Dir: William Friedkin, 1980
Undercover cop thriller or attack on the gay community?
William Friedkin’s brilliant film is a rarity among the mainstream. It had a troubled theatrical run, limited video release and is very rarely shown on television, and, then, never in its uncut version.
Al Pacino is New York police officer Steve Burns. Heterosexual, in a relationship and totally naive to the gay scene.
After a spate of murders of gay men, Burns is sent undercover to leather bars which are S&M orientated gay clubs.
Surrounded by anal fisting, voyeurism and urolagnia, Burns has to immerse himself in a world that he knows nothing about, all the while clinging on to his own real identity.
A very unusual film for Pacino. After the Oscar dominating The Godfather and The Godfather part II, Al was hot property and working with the best. His output in the seventies and early eighties is hailed as some of the best movies of his career, if not, ever made.
No stranger to the undercover police world, Pacino had previously starred in Sidney Lumet’s much celebrated Serpico.
To star in this was a brave move. It was clearly going to be controversial from the outset and could have, potentially, damaged his career.
Heterosexual in real life, Friedkin was asking a lot of Pacino. To put himself into the role where men caress him and an assortment of gay sex is all around him, Pacino does a fine job.
For authenticity, Friedkin many hours of actual, hardcore gay sex that was taking place at the clubs. None of the footage ever made it to any distributed prints and is now thought lost or destroyed.
Pretentious pratt, James Franco, made an effort to recreate the lost footage in a short film he made, titled Interior. Leather Bar. The aim of the short is not to remake the lost footage but to revisualise it. The plot is of a director attempting to make Cruising. Yeah, it’s as simple as that. And crap. Franco does take the plunge, though, and shoot the sex porno style, penetration et al.
It’s sad that this doesn’t get the views it should because of it’s gay theme. There are so many straight men out who refuse to watch it and that’s a shame. It deserves to be seen.
Very provocative on it’s release, the film was subject to boycotts and protests from the city’s gay community. A march was executed through the streets in an attempt to force the city to withdraw support for the film. Gay residents and activists were encouraged to disrupt filming.
This is an unfortunate circumstance of showing anything gay in a negative light. The film is not anti gay in the slightest. It’s a murder mystery where the murderer is homosexual. There are plenty of movies with a straight serial killer. Does that make them anti straight? No. Gay murderers do exist. The book this film is based on, is a true story.
Or maybe I missed the point of why they were upset. There was a similar uproar when The Silence Of The Lambs was first released. Perhaps, I’m just ignorant. I certainly don’t mean any harm or offence.
An eerie coincidence that links this and Friedkin’s previous film, The Exorcist, is that one of the real life nurses who made a cameo in the film was later arrested, tried and convicted of killing multiple gay men. It was his case that inspired the book, Cruising, that eventually led to the making of this picture. Strange, but true.
For showing in the UK, the British censors insisted on cuts. Several cuts to the scenes of S&M and a patron smearing his hand and arm in lubricant and the subsequent implication that another member of the club is being penetrated with it.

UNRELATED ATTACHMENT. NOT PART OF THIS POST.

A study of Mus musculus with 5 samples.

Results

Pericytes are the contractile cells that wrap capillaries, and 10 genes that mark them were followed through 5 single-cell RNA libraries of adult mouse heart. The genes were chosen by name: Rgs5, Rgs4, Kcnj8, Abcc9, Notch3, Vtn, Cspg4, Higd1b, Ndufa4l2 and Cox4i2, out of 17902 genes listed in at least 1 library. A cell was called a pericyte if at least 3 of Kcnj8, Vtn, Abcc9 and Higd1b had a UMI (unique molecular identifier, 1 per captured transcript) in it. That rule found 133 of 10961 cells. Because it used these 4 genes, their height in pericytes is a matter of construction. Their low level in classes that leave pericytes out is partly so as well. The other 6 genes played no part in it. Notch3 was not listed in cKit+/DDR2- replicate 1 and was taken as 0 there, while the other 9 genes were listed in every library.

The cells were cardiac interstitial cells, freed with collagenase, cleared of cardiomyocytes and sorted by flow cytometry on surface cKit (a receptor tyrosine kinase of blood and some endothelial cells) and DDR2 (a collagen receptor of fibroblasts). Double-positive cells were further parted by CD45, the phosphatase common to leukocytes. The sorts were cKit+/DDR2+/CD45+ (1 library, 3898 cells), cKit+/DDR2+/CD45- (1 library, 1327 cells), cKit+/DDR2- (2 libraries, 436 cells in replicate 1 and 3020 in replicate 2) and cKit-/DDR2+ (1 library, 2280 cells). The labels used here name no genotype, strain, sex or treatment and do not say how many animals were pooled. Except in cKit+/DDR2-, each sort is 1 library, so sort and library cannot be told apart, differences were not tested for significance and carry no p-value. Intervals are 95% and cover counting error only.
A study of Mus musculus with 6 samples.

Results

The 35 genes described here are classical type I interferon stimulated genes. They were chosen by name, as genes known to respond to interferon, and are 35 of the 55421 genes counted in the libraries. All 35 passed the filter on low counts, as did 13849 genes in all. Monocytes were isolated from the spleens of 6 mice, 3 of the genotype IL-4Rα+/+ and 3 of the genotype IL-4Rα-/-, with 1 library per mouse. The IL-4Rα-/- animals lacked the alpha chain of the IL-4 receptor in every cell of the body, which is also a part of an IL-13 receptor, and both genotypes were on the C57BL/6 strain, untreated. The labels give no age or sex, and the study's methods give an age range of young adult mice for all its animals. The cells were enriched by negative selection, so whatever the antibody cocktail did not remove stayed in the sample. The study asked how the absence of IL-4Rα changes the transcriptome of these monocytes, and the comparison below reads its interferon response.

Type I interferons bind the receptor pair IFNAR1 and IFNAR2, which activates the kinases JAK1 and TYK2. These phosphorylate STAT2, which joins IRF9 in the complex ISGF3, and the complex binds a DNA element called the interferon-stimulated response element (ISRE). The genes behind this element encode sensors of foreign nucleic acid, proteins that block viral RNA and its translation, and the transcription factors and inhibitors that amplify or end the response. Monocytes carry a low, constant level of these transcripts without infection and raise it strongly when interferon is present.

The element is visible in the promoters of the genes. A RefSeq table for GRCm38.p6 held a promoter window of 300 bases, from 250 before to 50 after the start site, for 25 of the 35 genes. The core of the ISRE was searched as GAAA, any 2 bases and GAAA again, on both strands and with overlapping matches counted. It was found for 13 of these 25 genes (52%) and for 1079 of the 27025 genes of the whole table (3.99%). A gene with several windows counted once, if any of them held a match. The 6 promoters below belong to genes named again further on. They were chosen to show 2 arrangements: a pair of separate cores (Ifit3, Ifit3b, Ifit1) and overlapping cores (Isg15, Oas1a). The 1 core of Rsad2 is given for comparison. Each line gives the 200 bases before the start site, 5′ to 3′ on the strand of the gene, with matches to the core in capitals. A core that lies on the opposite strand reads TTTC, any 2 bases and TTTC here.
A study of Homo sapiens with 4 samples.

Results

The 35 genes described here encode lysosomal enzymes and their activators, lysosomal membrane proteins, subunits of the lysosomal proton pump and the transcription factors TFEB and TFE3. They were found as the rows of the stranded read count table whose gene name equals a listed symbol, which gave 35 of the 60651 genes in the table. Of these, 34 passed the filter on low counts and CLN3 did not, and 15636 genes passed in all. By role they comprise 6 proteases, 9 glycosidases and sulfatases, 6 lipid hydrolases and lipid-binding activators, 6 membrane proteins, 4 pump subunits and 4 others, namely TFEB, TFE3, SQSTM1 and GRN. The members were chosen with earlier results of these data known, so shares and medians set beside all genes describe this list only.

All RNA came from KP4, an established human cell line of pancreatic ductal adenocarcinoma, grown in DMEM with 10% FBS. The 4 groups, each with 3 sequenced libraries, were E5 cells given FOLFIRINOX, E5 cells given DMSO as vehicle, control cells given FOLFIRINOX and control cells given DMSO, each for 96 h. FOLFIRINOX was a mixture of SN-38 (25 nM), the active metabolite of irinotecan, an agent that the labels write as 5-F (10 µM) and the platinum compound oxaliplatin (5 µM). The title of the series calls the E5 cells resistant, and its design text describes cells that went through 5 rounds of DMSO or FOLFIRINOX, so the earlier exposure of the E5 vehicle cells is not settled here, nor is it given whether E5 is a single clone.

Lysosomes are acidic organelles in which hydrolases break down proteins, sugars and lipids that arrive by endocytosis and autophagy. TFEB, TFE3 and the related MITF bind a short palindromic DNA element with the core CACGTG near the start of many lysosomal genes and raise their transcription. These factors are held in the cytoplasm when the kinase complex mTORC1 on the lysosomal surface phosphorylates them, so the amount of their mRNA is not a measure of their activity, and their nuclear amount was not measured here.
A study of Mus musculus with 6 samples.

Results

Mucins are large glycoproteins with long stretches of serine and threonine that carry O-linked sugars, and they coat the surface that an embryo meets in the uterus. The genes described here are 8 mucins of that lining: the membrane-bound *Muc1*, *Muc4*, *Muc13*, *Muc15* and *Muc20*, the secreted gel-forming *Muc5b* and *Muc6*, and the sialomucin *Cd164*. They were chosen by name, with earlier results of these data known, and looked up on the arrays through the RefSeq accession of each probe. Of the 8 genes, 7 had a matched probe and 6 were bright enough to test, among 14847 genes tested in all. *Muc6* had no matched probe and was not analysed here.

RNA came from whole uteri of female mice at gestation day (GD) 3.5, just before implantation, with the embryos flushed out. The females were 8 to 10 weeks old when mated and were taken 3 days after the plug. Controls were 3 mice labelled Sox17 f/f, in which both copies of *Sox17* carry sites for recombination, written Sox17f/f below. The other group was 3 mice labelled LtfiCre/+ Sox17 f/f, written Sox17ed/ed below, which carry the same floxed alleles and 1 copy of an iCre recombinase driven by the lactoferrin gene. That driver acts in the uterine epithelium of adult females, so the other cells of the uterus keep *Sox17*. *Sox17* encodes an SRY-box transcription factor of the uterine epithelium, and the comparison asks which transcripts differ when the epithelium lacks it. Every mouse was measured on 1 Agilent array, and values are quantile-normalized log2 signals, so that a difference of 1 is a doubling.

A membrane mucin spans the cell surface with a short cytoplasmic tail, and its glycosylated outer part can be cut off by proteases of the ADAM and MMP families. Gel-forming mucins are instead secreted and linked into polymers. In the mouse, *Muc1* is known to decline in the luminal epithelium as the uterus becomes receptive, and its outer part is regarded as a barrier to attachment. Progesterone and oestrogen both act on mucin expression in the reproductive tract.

Not unsurprising, as Great Britain had the strictest censorship laws in the Western world. Even today, with the massive relaxation of the laws, we’re still held back by the antiquated Obscene Publications Act. Fisting and watersports/golden showers are still forbidden to be shown.
The board had, and still does, a fear of showing sexual violence. A scene where a knife is traced along a naked body was removed. Also of note is that during a particularly vicious murder scene of someone being stabbed through the back, the director intercut a couple of single frames of anal penetration. With the boards reluctance to pass anything sexually violent, coupled with the fact that pornography was outlawed in Britain, it was no surprise that the scene had to be snipped.
The cuts were also replicated for the 1987 UK video release:
Over the years, the video was released numerous times and the subjected to less and less cuts. In 2008 the BBFC waived all of it’s cuts and was passed ’18’ uncut.
It wasn’t only the UK where the film suffered. The MPAA objected to the hardcore sex, and the violence and, possibly even, the gay theme. The association is notorious for having an anti gay agenda. The rating of a film can go from PG-13 to R purely because of a gay kiss or gay love. Pathetic when you think about it.
After cuts were made the film was released overwhelmingly negative reviews. It’s a blessing that, in these enlightened times, William Friedkin’s classic thriller has been reassessed and is now held in much more worthy regard.
Personally, I think the film was ahead of it’s time. Homosexuals were still unfairly ostracised in society and a tale of this magnitude was a bit of a shock to the system. The senses were affronted and prejudices challenged. The masses were not ready.
The ambiguous ending may have put critics off as there is no tying up of the loose of the ends and no satisfactory pay off. If you add it all together, the director was on to a loser with the critics.
It’s good that the film can now be judged on it’s merits and not through prejudice. It’s a superb film.
Put any prejudices aside and give it a watch. A thoroughly good film.